Colour Blocking: how to make this bold trend work in your home
Are you ready to ditch the neutrals and shake things up a bit? Then the trend for colour blocking might be right up your street. This fun and playful approach to interiors involves creating blocks of colour via paint, fabric or furniture to achieve a bold and dramatic effect.
In this blog post, we explore ways in which you can adopt the colour blocking trend in your home.
What is colour blocking?
Inspired by catwalk trends, colour blocking is a technique that brings together two or more solid, contrasting colours to create a bold and striking look.
However, way before the fashion glitterati started wearing blocks of vivid colour, Dutch artist Piet Mondrian came to prominence in the 1920s with his graphic, primary-coloured paintings. His work is thought to be the origin of the ‘colour blocking’ trend which is currently big news in the world of interiors.
Where do I start if I want to use colour blocking in my decor?
A good place to start is to think about the colours you are naturally drawn to and the effect you want to create in your home. Not sure if greens, reds or purples are your thing? Then why not look in your wardrobe for inspiration? If you take a look at your clothes and realise blues and oranges are prominent, there’s a good chance you’ll like these colours on your walls, too.
Another great piece of advice is to limit your colour palette to a maximum of three colours in any particular room. This will create a balanced scheme and will help avoid overwhelming the space with too many colours.
It’s also worth thinking about how you want your space to feel when choosing the hues for your colour blocking scheme. Different colours have been shown to create different emotional responses. Orange can elicit feelings of playfulness and joy, for example, while black can project sophistication and glamour.
“Our attention is firmly grabbed by warm colours like red, orange and yellow, and they induce feelings of pleasure, cheerfulness and warmth. We are soothed and calmed by paler blues and greens – cooler colours which remind us of water and the natural world.” – Interior designer Siobhan Murphy, author of ‘More is More Décor’
Can I use furniture in different colours to achieve a colour blocking look?
Absolutely! Coloured furniture is a great way to bring the colour blocking trend into your home. Why not choose two sofas in bold, contrasting colours and link them together by placing them on a large, neutral rug?
The great thing about using furniture rather than paint to create a colour-blocked look is that it doesn’t feel as permanent. If you tire of the colour, it’s likely to feel easier to swap out a sofa than to redecorate your entire living room.
Having said that, if you’re willing to take the plunge, built-in cabinetry is a great way to embrace colour blocking. Bespoke shelving or cupboards can be painted the same colour as the walls and ceiling to create a stunning ‘drenched’ effect. This can then be contrasted with another section of the room painted in a different shade to create distinct blocks of colour. This colour drenching technique – in which multiple surfaces are painted in one colour – has the added benefit of making a small room appear larger.
What about adding textures to colour blocking?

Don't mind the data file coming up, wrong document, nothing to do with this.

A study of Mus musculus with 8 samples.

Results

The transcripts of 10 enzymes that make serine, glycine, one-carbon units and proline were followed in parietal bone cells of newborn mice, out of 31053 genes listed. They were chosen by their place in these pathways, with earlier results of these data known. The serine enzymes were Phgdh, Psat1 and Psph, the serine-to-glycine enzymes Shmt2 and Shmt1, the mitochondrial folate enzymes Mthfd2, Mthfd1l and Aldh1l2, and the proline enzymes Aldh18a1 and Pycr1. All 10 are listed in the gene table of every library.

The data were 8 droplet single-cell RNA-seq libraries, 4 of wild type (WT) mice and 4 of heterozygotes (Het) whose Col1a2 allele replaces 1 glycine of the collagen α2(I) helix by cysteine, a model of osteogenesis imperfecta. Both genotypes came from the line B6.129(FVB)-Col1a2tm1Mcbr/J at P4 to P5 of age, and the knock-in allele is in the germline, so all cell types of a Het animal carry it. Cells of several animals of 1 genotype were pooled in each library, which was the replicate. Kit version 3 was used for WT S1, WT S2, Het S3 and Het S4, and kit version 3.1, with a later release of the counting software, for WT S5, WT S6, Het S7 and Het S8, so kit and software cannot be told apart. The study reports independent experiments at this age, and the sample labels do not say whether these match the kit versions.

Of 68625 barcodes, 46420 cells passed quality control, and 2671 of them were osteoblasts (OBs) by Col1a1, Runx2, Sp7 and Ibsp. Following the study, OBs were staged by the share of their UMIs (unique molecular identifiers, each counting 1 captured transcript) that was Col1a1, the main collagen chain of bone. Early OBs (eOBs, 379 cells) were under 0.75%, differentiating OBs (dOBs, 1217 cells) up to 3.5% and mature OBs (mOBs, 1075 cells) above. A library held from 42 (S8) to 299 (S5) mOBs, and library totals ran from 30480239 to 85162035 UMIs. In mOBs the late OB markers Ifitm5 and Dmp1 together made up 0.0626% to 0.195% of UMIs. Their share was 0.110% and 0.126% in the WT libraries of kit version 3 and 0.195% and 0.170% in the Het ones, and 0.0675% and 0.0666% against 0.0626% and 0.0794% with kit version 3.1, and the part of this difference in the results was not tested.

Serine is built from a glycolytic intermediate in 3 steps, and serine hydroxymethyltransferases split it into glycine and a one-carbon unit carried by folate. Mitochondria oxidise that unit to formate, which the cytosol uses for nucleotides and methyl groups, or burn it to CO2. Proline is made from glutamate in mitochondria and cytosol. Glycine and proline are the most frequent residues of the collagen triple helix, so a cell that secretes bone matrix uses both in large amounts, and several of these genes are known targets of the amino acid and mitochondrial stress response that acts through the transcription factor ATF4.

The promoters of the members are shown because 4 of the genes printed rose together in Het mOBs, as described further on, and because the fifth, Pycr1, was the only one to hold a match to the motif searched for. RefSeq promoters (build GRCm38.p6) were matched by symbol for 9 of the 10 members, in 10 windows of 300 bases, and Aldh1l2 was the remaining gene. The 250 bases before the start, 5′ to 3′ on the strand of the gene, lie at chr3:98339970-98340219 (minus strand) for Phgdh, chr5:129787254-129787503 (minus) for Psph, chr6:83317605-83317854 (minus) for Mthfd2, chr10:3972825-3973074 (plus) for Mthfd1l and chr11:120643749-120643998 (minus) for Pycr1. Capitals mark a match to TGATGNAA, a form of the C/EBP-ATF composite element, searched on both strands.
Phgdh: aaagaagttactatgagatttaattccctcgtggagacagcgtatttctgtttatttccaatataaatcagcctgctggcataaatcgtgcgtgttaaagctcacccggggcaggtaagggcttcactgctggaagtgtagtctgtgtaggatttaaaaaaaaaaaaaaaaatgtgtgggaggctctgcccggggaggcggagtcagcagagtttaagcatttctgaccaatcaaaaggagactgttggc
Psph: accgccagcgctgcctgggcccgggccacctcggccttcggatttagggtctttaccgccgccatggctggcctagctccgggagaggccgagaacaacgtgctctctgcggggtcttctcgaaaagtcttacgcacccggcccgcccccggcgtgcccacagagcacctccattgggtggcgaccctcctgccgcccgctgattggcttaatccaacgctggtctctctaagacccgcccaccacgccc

While creating contrasting blocks of colour is all well and good, it’s worth remembering that you can also play with varying levels of texture alongside your bold colour combinations.
Bring depth and variety to your scheme with contrasting textures such as a plain weave sofa set against luxurious velvet curtains. Or why not try a fluffy mohair throw draped across a linen armchair? These layers of contrasting textures will create a sensory feast of warmth, comfort and visual interest.
Colour blocking palette combinations
If you’re stuck for which colours to choose, it can be useful to consult the colour wheel – a visual tool illustrating how different colours relate to one another. Colours that sit opposite each other on the colour wheel are deemed to be complementary and will create maximum contrast. Combinations of green and red, for example, or orange and blue, will bring a bold, dynamic feel to a space. Blocks of complementary colours can work really well in alcoves, archways or bay windows to create a pop of striking contrast.
For a more subtle approach, you could create a monochrome scheme in which different shades of a single colour are used. They key here is to choose colours with a similar undertone to create a calming and cohesive look.
“Opt for tonal hues of the same colour, choose contrasting, complementary colours from the opposite sides of the colour wheel or use colours that sit next to each other on the colour wheel. Even if you opt for different pairing methods in different rooms, it will help you keep a sense of consistency and balance.” – Chelsea Clark, Head of Brand at Lust Home Wallpaper
Colour combinations affect us for a variety of reasons, many of which are hard to define but can be immediately felt. Explore and experience the restful properties of green with our Green aesthetic room décor board on Pinterest.
Stain resistant performance fabrics in all your favourite colours
FibreGuard has a wide selection of fabrics to choose from, ranging from vibrant colours to neutral tones. Whatever your decor dreams may be, you can find the perfect fabric to bring them to life. Every fibre is carefully crafted to meet the highest standards of quality and durability, making it a great choice for any home. With so many options, FibreGuard can help you find the fabric that perfectly suits your style.